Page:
1882, William Ralph Emerson, c. 1930s, south (garden) side altered with additions. 336 Gibbs Ave.
  • (Photograph by Catherine W. Zipf)
  • (Photograph by Catherine W. Zipf)
  • (Photograph by Catherine W. Zipf)

One of at least five houses that William Emerson designed for the Eustis family (the others are in Massachusetts), this residence sits narrow end to the street. Its ample two-and-one-half- story mass is composed of a long, narrow gable with cross gables toward the street and dormers breaking the uniform slope of the roof. Typically for Emerson's work of the 1880s, the entire house is cloaked in a skin of what were originally natural shingles; this treatment, combined with rounded shapes for conical elements, rounded corners (particularly around the main entry, a second-story inset porch, and dormers), and the curved outline of a monumental carved bracket on the street facade, enhances the overall volumetric effect, making this house more sculptural and homogeneous than most of the shingled houses of his contemporaries. In this restrained dependence almost exclusively on shape and texture, a simple grid of squared louvers cut as a simulated dovecote into the gable over the entry becomes ornamental in the same way as the bracket.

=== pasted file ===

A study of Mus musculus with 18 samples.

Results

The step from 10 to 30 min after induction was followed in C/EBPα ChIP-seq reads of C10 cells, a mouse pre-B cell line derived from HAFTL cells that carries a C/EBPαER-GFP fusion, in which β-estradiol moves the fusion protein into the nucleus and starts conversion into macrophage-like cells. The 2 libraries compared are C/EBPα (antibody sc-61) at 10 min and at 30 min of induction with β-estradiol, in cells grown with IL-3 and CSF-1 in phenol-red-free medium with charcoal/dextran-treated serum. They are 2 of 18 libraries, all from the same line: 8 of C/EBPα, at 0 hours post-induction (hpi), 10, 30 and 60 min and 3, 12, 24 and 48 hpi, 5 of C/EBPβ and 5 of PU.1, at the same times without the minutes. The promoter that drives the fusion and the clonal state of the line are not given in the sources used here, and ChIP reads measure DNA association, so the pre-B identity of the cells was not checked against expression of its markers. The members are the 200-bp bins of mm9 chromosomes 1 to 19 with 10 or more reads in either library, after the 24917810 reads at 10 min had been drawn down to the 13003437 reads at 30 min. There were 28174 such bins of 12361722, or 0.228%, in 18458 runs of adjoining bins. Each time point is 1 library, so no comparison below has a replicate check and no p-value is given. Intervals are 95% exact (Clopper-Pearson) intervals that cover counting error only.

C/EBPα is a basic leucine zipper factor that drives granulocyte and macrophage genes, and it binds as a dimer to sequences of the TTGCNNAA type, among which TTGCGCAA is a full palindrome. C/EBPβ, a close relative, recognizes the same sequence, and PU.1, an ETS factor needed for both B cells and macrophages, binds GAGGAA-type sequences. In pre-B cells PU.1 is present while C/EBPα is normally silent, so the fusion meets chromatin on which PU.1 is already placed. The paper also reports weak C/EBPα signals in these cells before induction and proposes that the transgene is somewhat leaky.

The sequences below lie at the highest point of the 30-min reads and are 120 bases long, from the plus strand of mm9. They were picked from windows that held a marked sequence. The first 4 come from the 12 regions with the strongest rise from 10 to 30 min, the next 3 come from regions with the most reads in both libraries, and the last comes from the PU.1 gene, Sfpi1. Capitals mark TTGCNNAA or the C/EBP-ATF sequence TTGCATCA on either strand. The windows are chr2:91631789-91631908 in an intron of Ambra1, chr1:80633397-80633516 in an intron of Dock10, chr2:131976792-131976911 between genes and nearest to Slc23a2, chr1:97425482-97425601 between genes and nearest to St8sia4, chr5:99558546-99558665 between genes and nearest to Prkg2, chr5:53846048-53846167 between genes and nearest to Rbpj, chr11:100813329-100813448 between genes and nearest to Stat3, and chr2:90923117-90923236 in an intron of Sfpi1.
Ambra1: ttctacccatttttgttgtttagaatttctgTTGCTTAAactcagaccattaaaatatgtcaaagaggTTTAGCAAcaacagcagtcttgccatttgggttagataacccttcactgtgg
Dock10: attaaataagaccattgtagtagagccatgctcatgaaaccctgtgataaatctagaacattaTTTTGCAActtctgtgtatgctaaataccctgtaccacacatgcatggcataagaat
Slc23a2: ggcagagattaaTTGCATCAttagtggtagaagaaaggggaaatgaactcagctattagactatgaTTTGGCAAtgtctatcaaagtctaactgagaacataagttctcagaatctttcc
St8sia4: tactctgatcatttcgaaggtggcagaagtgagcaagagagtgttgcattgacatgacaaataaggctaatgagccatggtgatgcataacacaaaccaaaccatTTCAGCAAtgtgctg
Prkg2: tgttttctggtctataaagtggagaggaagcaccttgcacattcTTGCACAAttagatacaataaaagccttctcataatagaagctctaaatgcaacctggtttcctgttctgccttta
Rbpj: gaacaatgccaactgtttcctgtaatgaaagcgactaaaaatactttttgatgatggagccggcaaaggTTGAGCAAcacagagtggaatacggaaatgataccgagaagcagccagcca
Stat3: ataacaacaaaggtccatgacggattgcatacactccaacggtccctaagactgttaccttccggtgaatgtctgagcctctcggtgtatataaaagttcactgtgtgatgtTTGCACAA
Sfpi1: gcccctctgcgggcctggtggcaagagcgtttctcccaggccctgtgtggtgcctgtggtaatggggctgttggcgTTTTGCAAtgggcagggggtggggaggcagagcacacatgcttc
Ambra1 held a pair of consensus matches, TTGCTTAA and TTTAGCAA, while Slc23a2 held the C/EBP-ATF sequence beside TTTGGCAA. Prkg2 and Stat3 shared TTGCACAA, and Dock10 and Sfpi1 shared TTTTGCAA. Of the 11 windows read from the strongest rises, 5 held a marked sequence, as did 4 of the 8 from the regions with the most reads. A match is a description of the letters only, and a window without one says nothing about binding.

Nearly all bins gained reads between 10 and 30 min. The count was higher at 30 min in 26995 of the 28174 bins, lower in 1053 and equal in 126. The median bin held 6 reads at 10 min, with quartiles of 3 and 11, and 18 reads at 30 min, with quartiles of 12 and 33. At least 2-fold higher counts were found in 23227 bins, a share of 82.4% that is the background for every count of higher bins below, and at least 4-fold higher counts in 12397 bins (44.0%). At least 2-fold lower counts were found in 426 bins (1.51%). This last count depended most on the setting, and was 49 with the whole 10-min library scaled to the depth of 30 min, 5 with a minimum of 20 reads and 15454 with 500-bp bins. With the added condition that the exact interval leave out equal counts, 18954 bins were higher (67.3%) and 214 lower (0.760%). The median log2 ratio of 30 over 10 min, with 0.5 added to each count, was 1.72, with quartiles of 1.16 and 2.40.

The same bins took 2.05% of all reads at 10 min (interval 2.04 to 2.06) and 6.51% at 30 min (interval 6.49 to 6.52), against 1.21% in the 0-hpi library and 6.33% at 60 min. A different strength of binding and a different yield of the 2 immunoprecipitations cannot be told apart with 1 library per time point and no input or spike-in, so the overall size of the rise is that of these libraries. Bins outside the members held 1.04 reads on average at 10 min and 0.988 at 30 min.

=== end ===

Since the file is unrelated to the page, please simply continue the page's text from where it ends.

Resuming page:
Writing Credits

William H. Jordy et al.


What's Nearby


William H. Jordy et al., "Mrs. Frederic Eustis House (Elm Tree Cottage)", [Newport, Rhode Island], SAH Archipedia, eds. Gabrielle Esperdy and Karen Kingsley, Charlottesville: UVaP, 2012—,

Print Source

Buildings of Rhode Island, William H. Jordy, with Ronald J. Onorato and William McKenzie Woodward. New York: Oxford University Press, 2004, 552-552.